Memjet CEO Lauer Talks Strategy as Debut Approaches for “Disruptive” Inkjet Technology


Memjet intends to introduce its technology in the commercial label market this fall, beginning in Eastern Europe, according to Lauer. The company has similar agreements to supply its components with other manufacturing partners in other parts of Europe, Asia, and the United States.

“We’re not coming out with a Memjet-branded printer, we want to do in-branding,” says Lauer, who sees a big market for Memjet among the companies that print everything from Heinz ketchup bottles to UPS shipping labels—even the coupons printed on the reverse side of cash register receipts. He even envisions a Memjet-powered kiosk in hotel lobbies, with the capability of letting guests choose among 50 or 60 international newspapers—and printing out a current edition in just one or two minutes.

Lauer also sees opportunities for Memjet’s technology in the photo printing centers at pharmacies and warehouse retailers like Costco, in poster-size, wide-format printing, computer assisted design (CAD), and blueprints. The Memjet CEO estimates the global market opportunity for its technology is worth $30 billion.It’s a market ripe for innovation, he says, because while the giant companies manufactured printers for many years, the industry “really hasn’t spent much on R&D.”

In this respect, Lauer sees similarities in Memjet’s strategy to Qualcomm, which initially made cell phones and wireless network infrastructure as a way to gain market acceptance of its core digital wireless technology. “We’re similar in that we’re going to sell to existing printer and imaging OEMs,” Lauer said, referring to the original equipment manufacturers that make products for sale under another company’s brand name.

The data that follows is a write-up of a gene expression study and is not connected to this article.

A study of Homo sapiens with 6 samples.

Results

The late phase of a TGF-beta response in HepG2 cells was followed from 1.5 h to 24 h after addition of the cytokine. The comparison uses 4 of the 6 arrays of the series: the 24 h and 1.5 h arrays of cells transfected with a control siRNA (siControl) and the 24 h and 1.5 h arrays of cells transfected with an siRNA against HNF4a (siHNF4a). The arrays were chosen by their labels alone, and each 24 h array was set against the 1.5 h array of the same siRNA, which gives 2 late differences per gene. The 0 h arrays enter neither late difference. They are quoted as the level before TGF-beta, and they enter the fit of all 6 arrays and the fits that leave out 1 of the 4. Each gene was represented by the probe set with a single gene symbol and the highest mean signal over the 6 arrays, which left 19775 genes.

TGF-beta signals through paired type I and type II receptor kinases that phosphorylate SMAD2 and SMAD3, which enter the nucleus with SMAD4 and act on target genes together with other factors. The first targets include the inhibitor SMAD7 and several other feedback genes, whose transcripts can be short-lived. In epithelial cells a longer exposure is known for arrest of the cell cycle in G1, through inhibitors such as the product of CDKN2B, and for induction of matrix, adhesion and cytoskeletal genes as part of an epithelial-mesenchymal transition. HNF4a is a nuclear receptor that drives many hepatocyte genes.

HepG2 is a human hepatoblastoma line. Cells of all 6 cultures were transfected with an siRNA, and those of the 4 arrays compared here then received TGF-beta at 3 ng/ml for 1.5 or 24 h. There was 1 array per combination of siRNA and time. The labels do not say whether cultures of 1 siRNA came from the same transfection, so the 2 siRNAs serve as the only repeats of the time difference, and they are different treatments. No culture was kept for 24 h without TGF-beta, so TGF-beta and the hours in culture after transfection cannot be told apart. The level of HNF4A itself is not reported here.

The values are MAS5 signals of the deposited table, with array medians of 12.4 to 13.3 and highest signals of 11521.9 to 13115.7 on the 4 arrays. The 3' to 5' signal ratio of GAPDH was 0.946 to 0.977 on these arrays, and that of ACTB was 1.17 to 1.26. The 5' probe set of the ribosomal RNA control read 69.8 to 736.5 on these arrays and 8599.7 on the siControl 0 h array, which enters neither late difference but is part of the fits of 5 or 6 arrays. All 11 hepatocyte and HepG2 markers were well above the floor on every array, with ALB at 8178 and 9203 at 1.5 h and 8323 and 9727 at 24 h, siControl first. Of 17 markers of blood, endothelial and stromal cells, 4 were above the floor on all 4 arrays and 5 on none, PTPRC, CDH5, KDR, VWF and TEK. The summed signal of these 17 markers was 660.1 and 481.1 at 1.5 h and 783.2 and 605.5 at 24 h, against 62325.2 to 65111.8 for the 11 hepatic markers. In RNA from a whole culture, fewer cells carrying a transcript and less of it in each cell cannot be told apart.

“Our technology will print 10,000 envelopes per hour, and it’s in color, which stands out in the mass mailing industry,” Lauer says. “It’s just much, much faster and at lower price points.”

To protect Memjet’s “disruptive” technology, Lauer says the … Next Page »



  1. Adam Haigh says:

    I first heard of Memjet back in January and have been impressed with them ever since. I had the chance to interview their VP of Marketing Ms. Kim Beswick back in March and gain some insight. Here’s a link to my interview:

    http://www.castleink.com/_a-memjet-beswick-interview.html

  2. Cherry Xu says:

    Great article. Do you think you can share interviews with Memjet with our magazine Recycling Times from now on?

  3. dimitrios moustakas says:

    hello.my name is dimitrios moustakas from greece sity thessaloniki.I would like to buy memjet photo printer.Can you tell me please where i find in greece or in europa?best regards

  4. Memjet says:

    Hello Dimitrios,

    We expect to announce our first partners for the photo market in the second half of this year.

    Many thanks

  5. Daniel says:

    When will memjet become public? U want shares! Lots of them!